Spider-Man: Into the Spider-Verse should legitimately be considered for all major awards including the film of the year. Full stop.

A few years ago, the Oscars made the change so that more pictures could be considered for the Best Picture, with the theory being that it may allow some more popular pictures to compete. Earlier this year, everyone rightly seemed to think the head nod to the popular pick would be Black Panther. And while T’Challa and company should still be nominated and considered, the Sony animated Into the Spider-Verse should absolutely be considered and, to my ever loving Spidey heart, win Picture of the Year.

It is an excellent story, remarkably executed through powerful animation techniques and my worry is that no one will honor it because of its status as an animated picture.

One of the things that is so great about the story of this film is that everyone gets their own Spider-Man. The main focus of this film is the young Miles Morales, who follows the formula in terms of being bit by a radioactive spider, develops powers and has a clear call to action.

It would be very easy to discount the backstory under the banner of “We have heard this 100 times before, especially in regards to Spider-Man.” Respectfully, I just think it is wrong. Miles Morales is a different character and it shows especially in this film, where we see him contrasted about a whole hodgepodge of Spider-Men, as the multiverse is collapsing. And, for comics and movies, right now, that is a tremendously bold and brave statement.

If you watch the comics media at all, you are at least somewhat knowledgable about campaigns that some are holding that want to make sure that the characters we have stay exactly as they are. Marvel did some changes that allowed other characters to take on the rolls of other heroes. Captain America’s title and shield was picked up by the African-American Sam Wilson. Iron Man was replaced by a young woman from Chicago. The Hulk was tied to the Asian American Marvel character Amadeus Cho.

Lots of people disliked this idea and pushed back and claimed it was just diversity for diversity’s sake. While I personally disagree with that assessment, Into the Spider-Verse is a strong, compelling case for how we should allow characters to grow and advance. Over the course of the story, we see a variety of characters take on the title Spider-Man.

The lead in the movie is a high school kid from a bilingual family, who is attending a high end, high achieving school. Miles Morales is a new Spider-Man for a new generation. Likewise, we get introduced to the Gwen Stacy from another multiverse who has powers and is Spider Gwen. And not to spoil them all, we get a variety of options and different perspectives on “Who is Spider-Man?”

And, due to a stellar performance by Jake Johnson, we even get to see more from Peter Parker. Johnson is playing a Spider-Man who has essentially not become the greatest hero but has failed in some ways and has lost his potential. This “Dad Bod Spidey” as NPR’s Pop Culture Happy Hour dubbed him, has his own journey over the course of the movie that is fantastic and has a great pay-off. Even as this movie is passing the mantle on, it honors the past.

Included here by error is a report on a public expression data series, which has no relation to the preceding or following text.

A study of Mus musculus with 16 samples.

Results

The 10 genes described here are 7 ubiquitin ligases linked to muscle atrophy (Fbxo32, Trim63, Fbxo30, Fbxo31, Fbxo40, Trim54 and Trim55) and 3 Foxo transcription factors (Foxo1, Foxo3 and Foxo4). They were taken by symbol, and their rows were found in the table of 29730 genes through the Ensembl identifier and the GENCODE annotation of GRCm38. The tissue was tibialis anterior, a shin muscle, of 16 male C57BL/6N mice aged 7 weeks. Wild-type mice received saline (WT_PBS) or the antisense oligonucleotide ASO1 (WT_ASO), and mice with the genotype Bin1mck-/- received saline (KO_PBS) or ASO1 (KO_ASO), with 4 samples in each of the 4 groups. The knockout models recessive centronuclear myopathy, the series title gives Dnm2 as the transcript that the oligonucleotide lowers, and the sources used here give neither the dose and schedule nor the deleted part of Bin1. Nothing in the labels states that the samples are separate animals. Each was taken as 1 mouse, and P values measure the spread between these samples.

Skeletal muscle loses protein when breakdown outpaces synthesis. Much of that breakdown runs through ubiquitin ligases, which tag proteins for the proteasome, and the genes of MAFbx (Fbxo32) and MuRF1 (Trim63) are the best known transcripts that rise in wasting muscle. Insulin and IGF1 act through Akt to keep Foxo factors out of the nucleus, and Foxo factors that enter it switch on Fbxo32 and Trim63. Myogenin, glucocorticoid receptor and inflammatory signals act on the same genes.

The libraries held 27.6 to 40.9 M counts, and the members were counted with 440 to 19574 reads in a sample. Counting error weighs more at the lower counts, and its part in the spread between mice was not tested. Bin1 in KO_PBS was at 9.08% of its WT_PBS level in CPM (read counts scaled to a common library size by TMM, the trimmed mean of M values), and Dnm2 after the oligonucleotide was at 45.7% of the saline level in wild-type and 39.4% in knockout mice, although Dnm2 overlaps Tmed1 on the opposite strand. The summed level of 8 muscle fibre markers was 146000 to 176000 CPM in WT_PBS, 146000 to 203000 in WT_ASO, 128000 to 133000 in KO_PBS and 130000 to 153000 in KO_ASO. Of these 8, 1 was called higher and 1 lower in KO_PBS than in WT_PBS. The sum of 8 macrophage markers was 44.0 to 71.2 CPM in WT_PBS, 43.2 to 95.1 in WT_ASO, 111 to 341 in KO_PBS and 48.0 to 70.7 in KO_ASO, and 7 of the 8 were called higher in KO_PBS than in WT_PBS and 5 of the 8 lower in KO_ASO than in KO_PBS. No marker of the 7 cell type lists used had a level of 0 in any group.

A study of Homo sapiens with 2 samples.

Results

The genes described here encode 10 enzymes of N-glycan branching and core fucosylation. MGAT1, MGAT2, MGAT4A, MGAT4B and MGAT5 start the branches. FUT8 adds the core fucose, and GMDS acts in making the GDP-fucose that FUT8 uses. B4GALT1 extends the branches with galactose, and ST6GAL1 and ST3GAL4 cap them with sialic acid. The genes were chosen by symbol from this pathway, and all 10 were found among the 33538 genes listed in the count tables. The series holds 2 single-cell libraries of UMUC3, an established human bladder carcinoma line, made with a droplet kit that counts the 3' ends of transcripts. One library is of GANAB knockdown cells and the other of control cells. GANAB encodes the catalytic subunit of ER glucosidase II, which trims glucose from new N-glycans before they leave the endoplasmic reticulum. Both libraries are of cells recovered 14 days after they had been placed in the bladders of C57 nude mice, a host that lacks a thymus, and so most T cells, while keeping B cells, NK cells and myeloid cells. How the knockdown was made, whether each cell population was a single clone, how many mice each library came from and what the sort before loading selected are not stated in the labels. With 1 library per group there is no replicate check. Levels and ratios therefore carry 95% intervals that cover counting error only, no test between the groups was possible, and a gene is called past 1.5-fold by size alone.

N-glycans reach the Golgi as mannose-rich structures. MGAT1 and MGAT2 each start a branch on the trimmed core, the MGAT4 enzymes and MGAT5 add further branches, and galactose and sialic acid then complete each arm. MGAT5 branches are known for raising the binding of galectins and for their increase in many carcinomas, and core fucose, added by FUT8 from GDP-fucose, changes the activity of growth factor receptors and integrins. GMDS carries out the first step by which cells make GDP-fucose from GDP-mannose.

But even beyond that, for comic book fans, there are many things to love in this movie. The most startling is the way that the film uses different animation styles all at the same time to help tell the story. Even more so, there is something deeply satisfying about seeing a comic icon artist like Bill Sienkiewicz have his very unique style come to life in the animated. After the movie was over, I came directly to Marvel Unlimited to look up some of the styles and artists whose work you can see on the big screen. And it does this in part because of the various characters and how they are portrayed.

This “Spider family” is also another tremendous feat for this film. Taking a step back, we can talk about how every character is really just taking their version of Joseph Campbell’s Hero’s Journey. But they are all unique and different enough that what happens is that the tragedy of their stories bind them together into a team. It could have been a very big mess of characters, unsure of their purpose and instead, it is something much different. (And it would be impossible to talk about how much I loved Lily Tomlin’s portrayal as Aunt May, and her turn as a mentor, both in this film and in ones to come.)

The soundtracks for this film elevate it as well. Any great Best Picture nomination usually is accompanied by a great score and this one is great, as well as the contemporary, urban music that fits so well the world of Miles Morales. It helps make the gap between Peter Parker of the 1960s and the Miles Morales of today. Both have been on loop for me since the movie and they are really inspirational!

Spider-Man: Into the Spider-Verse is the best film I have seen this year. While there are others that have been excellent, none accomplishes more unique, interesting concepts than this film, which is especially worthy of praise in an era where the best we seem to be able to do is to remake old things. This animated film is incredible and if it doesn’t get the praise it deserves, it will be incredibly disappointing.